Why I’m Done with DC’s Dial H For Hero (and why it will never be Lebron James)

It’s disappointing when untapped potential doesn’t strive for greatness. Also, when comics stink.

We see this with athletes all the time. The player of immense talent who never cares quite enough to hone his game to a championship level. For years it was the rap on Lebron, and as a  basketball fan there was nothing more disappointing than thinking he would stagnate and deprive the world of a new level of great.

DC’s Dial H For Hero has sunk into this level of stagnation and I don’t anticipate a championship run any time soon.

Although it was substantially less hyped out of the gate, I saw a Lebron-like level of potential in Dial H For Hero.

Wait, wait, wait… you thought Dial H For Hero was gonna be the next Jordan? Errr… Batman? What was the strained metaphor again?

Honestly, though, I saw a glimmer of hope that maybe – just maybe -Dial H For Hero could be the next big thing.

I saw shades of Sandman.

I know. I hear you. Ok, seriously, that’s enough, I know! It sounds absolutely absurd now, but I really thought Dial H For Hero could be the rare no-name comic that pushed boundaries and made the complacent big two comic book publishers re-think what it means to make good art (to steal a line from Sandman’s own Neil Gaiman).

I even wrote as much during DC’s Year Zero issues, admiring writer China Mieville and artist Mateus Santolouco’s unfiltered creativity.

Dial H For Boy Chimney

In retrospect, I was overrating the comic even then, but there was a definite sense of risk-taking about Dial H that excited me.

In a perfect world, Dial H felt like it could be that rare new 52 book that crosses into the experimental and thought-provoking realm generally reserved for Vertigo.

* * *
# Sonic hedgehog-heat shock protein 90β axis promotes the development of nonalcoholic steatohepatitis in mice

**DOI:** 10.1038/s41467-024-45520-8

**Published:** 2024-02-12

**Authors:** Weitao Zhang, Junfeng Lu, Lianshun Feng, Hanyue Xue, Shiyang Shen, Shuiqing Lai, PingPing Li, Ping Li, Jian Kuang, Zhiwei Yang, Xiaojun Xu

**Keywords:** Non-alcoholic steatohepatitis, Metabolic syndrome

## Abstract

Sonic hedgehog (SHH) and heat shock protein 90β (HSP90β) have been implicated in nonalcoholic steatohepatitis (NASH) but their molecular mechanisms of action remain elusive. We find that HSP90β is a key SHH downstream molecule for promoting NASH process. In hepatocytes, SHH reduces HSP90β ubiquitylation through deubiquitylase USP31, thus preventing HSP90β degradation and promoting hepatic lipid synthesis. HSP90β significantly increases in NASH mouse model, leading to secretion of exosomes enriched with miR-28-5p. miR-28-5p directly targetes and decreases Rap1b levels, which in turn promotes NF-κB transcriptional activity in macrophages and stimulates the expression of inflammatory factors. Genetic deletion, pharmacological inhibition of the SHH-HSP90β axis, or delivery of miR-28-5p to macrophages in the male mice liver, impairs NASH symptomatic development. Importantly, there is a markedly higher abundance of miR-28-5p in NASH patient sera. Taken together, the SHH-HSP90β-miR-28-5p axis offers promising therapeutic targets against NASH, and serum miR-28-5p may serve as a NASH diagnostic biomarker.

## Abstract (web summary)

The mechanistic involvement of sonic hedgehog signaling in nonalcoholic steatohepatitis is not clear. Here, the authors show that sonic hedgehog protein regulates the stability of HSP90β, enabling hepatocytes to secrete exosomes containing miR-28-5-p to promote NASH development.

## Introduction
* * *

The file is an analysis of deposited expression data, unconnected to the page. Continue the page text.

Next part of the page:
For a while, it seemd like this might happen. Mieville was taking chances with Joycean stream-of-consciousness, and Santolouco was blowing up standard grid panel structures to match the kinetic energy of each new hero.

And the heroes! A new hero with every dial meant boiling every few pages down the most basic and joyous form of comic book inventing: What’s your idea for a superhero?

First arc glory days

First arc glory days

Yet, here we are, issue #9 of Dial H For Hero, and all we really have is trite and cliched story-telling with none of DC’s star power. Stop me if you’ve heard this one before: A mysterious governmental agency (let’s call it Canadian) seeks to capture or destroy our current heroes, largely in the hopes of turning their power into a weapon.

Rinse, Repeat, Redundant.

It’s really a shame that Dial H has devolved into such a traditional book. Where I was once excited by the potential, at this point I don’t even care enough to continue through the remainder of this story arc.

Issue #9 ends with our main hero, Jent, in GRAVE PERIL!!! I’m choosing to let him remain that way.

I can’t understand the thinking behind making Dial H a painfully conventional book. Who is this comic for exactly? Presumably, some comics are kept conventional for sales purposes – because more people are going to buy a Superman comic where he fights aliens than one of him doing nothing but taking a shower and thinking.

But who is buying Dial H based on the name of the book? Who walks blind into a comic shop and instinctively seeks out this title?

The only way a book like Dial H can succeed is through elated critical acclaim and a subsequent torrent of word of mouth praise (preferably without actual torrents). Look at Saga, Hawkeye, or Mind MGMT. These books succeed on the basis of unparalleled quality, and a corresponding willingness to take chances with the comic book medium.

Dial H For Hero has stopped taking chances.

It was always going to be an uphill battle for a book like this, but the current strategy has damned the line. I blame the vague concept of DC editorial for this, but I’m well aware that I have no real idea why the comic has stalled the way it has.

DC’s clearly going to be reinvigorating the new 52 with new lines every quarter or so, and it’s only a matter of time before a DC exec has to make a decision between a new Plastic Man or Dial H For Hero.

In my basketball analogy, Lebron had several seasons of a career to figure out what it took to become a champion. Dial H will be afforded no such luxury.

It’s a shame, but Sandman this ain’t. Time to retire Dial H.